Just like the wines of Napa Valley, VW’s new Beetle GSR packs a punch
Author John Scott Lewinski
Sure, the German auto giant makes plenty of other cars, but the Volkswagen prototype is the Beetle, whose bubble-like design hasn’t changed much in 75 years. Recently, we got to test out the 2014 GSR Special Edition in Napa Valley, the perfect setting for a zippy roadster.
The black leather and yellow stitching on the seats, steering wheel and shifter cover echo the exterior, but the dashboard gets away from the bumblebee theme with brushed aluminum and chrome finishes. Wine country might call for earth tones, but not inside of this car.
The GSR comes with a choice of a true six-speed manual or a six-speed DSG automatic transmission. The automatic is fine, but there is something about a classic Beetle that demands a stick shift and clutch—especially along the curvy, hilly roads between Calistoga and St. Helena.
A suite of techie features ranging from sat-nav to Bluetooth connectivity shows how far Beetles have come from that old joke about the Bug’s heaters never working. Throw in a bass-heavy Fender audio system and the toys inside match the fun, flashy exterior.
We’ve test-driven luxury SUVs and supercars, but we’ve never had an auto garner more smiles than this GSR. Maybe it was the way its yellow stood out amid Napa’s green hills and vineyards heavy with purple fruit. Regardless, that’s a ton of visual value for a car starting around $30,000.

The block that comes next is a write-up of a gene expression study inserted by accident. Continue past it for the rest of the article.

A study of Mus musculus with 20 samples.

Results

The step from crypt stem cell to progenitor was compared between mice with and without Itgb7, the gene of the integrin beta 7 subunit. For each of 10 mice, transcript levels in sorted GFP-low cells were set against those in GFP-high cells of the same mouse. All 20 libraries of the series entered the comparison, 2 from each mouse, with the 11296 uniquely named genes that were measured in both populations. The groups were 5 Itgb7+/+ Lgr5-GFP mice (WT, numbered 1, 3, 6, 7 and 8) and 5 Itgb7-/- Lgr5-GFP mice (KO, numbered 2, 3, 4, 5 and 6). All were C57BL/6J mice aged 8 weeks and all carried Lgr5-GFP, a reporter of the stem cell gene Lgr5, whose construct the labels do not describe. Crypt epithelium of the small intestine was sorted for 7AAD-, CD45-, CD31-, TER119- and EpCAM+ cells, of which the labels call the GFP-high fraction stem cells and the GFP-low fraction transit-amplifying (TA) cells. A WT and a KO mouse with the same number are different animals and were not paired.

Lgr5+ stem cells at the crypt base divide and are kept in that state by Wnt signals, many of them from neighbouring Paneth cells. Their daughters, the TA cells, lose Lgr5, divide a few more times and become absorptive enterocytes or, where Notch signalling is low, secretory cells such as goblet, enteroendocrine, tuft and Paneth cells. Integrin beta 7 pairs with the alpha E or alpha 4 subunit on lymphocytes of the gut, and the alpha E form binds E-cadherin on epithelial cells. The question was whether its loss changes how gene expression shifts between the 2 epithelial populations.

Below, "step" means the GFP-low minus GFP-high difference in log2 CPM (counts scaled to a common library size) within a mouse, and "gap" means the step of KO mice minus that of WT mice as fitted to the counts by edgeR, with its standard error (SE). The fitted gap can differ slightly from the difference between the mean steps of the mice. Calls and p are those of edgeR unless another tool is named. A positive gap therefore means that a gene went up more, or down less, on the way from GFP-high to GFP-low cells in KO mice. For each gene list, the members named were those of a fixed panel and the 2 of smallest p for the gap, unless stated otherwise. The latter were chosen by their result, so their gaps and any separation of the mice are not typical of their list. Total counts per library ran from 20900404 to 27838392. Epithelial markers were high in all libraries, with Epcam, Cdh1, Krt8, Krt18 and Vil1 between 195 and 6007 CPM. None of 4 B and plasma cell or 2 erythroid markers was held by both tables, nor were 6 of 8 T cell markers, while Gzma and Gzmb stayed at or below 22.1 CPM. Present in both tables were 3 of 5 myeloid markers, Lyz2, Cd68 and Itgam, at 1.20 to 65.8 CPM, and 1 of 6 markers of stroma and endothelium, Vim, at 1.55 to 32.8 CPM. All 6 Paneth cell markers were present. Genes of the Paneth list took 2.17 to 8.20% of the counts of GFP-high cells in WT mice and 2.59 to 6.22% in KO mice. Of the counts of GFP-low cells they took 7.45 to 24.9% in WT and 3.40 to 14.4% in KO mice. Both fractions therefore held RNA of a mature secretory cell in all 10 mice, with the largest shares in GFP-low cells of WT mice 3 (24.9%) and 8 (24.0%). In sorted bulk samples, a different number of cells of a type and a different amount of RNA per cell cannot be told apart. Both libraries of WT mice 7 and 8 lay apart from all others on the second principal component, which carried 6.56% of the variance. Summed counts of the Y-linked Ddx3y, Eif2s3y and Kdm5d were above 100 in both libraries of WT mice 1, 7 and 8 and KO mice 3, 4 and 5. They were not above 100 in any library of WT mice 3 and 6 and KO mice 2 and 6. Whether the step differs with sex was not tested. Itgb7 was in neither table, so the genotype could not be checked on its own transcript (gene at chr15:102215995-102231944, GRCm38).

While the standard 2014 Beetle offers a 170 horsepower engine, the GSR piles in a 2.0-liter turbocharged four-cylinder with 210 horses, which can go 0–60 mph in 6.6 seconds. Unlike the Beetles of old, the engine is in the front, so open up the rear to store your cases of Napa Cab.
The GSR’s domed, high-swept design makes it a little top-heavy, which VW corrects with multilink rear suspension and a balance that is shifted more to the center. The result is a confident feel in tight turns, which came in handy when passing slow-moving vintners’ trucks.
No one but a Herbie the Love Bug fan would associate the everyman Beetle with speed, which made it fun to pull up alongside a Porsche in Yountville and, after the driver tossed us a condescending look, leave it in our dust.